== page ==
The presidential candidate of Peoples Democratic Party (PDP), Atiku Abubakar, said on Monday he would set off sound economic policies that would see no fewer than 50 million Nigerians elevated out of poverty within two years.
Mr Abubakar, former vice president from 1999 to 2007, said his policies would focus on creating job opportunities that would result in vast wealth creation in Africa’s largest economy and most populous country.
“These investments will create a minimum of 2.5 million jobs annually and lift at least 50 million people from poverty in the first two years,” Mr Abubakar said during a social media event he used to kick-off his 2019 campaign and launch his manifesto.
The resulting effect of the investments would “double” Nigeria’s gross domestic to “N900 billion” by 2025, Mr Abubakar said.
The plan is one of fundamental issues that form a grand document Mr Abubakar proposed to restructure the country.
But economists are skeptical about whether such a quarter of the country’s estimated 200 million people could be taken out of poverty within two years, especially in country with acute infrastructure and manufacturing deficit amidst low crude earnings.
“There is a big difference between being lifted out of poverty and achieving prosperity,” said economist Mohammed Al-Salafi. “Providing shelter and food does not achieve prosperity.”
Mr Abubakar said the 2.5 million jobs he planned to create would help engender upward mobility for the country’s citizens, which would in turn guarantee improved security.
The former vice president has previously said he would privatise government asset that are gulping funds from the federal treasury or those not performing optimally. He had already identified the Nigerian National Petroleum Corporation (NNPC) as one of his targeted agencies.
Mr Al-Salafi said Mr Abubakar’s announcement sounds too ambitious considering Nigeria’s current state.
“If he says creating 2.5 million jobs would lift 50 million people out of poverty, that is almost impossible to achieve given that Nigeria’s average household is about five or six persons,” Mr Al-Salafi said. “So we could expect to see about 15 million people who would benefit from that policy, assuming it comes to fruition.”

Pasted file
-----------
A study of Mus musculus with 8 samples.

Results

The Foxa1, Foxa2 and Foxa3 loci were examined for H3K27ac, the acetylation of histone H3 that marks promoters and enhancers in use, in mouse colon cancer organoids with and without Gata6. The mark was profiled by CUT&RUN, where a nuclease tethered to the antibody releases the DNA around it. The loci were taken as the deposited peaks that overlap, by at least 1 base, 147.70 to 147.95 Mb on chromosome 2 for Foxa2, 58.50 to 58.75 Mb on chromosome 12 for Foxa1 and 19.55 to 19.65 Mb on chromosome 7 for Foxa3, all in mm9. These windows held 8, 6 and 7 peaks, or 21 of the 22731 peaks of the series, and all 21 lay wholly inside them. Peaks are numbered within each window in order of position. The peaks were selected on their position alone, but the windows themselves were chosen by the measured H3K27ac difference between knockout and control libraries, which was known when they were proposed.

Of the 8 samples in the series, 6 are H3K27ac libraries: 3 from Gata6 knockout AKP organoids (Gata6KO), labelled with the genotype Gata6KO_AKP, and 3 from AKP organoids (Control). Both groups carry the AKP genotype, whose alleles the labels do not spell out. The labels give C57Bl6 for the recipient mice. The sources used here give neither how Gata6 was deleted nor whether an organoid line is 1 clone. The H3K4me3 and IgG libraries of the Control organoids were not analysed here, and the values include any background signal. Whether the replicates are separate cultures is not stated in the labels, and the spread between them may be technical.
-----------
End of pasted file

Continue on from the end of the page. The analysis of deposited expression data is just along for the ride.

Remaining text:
The economist said Mr Abubakar’s plan to create intervention funds was short on specifics.
“We need to know whether the money is going towards small and medium-scale businesses or innovations,” he said. “SMEs do not necessarily create jobs as much as you would expect with innovations.”
“From evidence and research, the SME market is not so viable. But innovations create new markets,” he emphasised, clarifying that small businesses perform better in places like the United States because their economies have already attained maturity and moved towards services.
Mr Al-Salafi said Mr Abubakar did not say how he would address acute infrastructure deficit and moribund manufacturing sector, a gap he said seems to have left President Muhammadu Buhari as the only one with a roadmap on how to address manufacturing.
“President Buhari’s policies seem to be better in this regard because he has been pushing for some form of protection for improved local manufacturing,” he said. “The East Asian countries that have been able to achieve seven to eight percent growth have focused on manufacturing.”
Still, the expert said Mr Abubakar’s silence on manufacturing should not be immediately taken to mean he does not have a plan about it or would not advance existing government plans if elected.
“The PDP pushed the automotive policy around 2013 or so, it could be expected that Mr Abubakar would focus on that because it is one of the biggest ways to generate wealth and employment in any country,” Mr Al-Salafi said.
Mr Abubakar’s campaign for 2019 is expected to take him across the country, during which experts hope he would better communicate some of his position.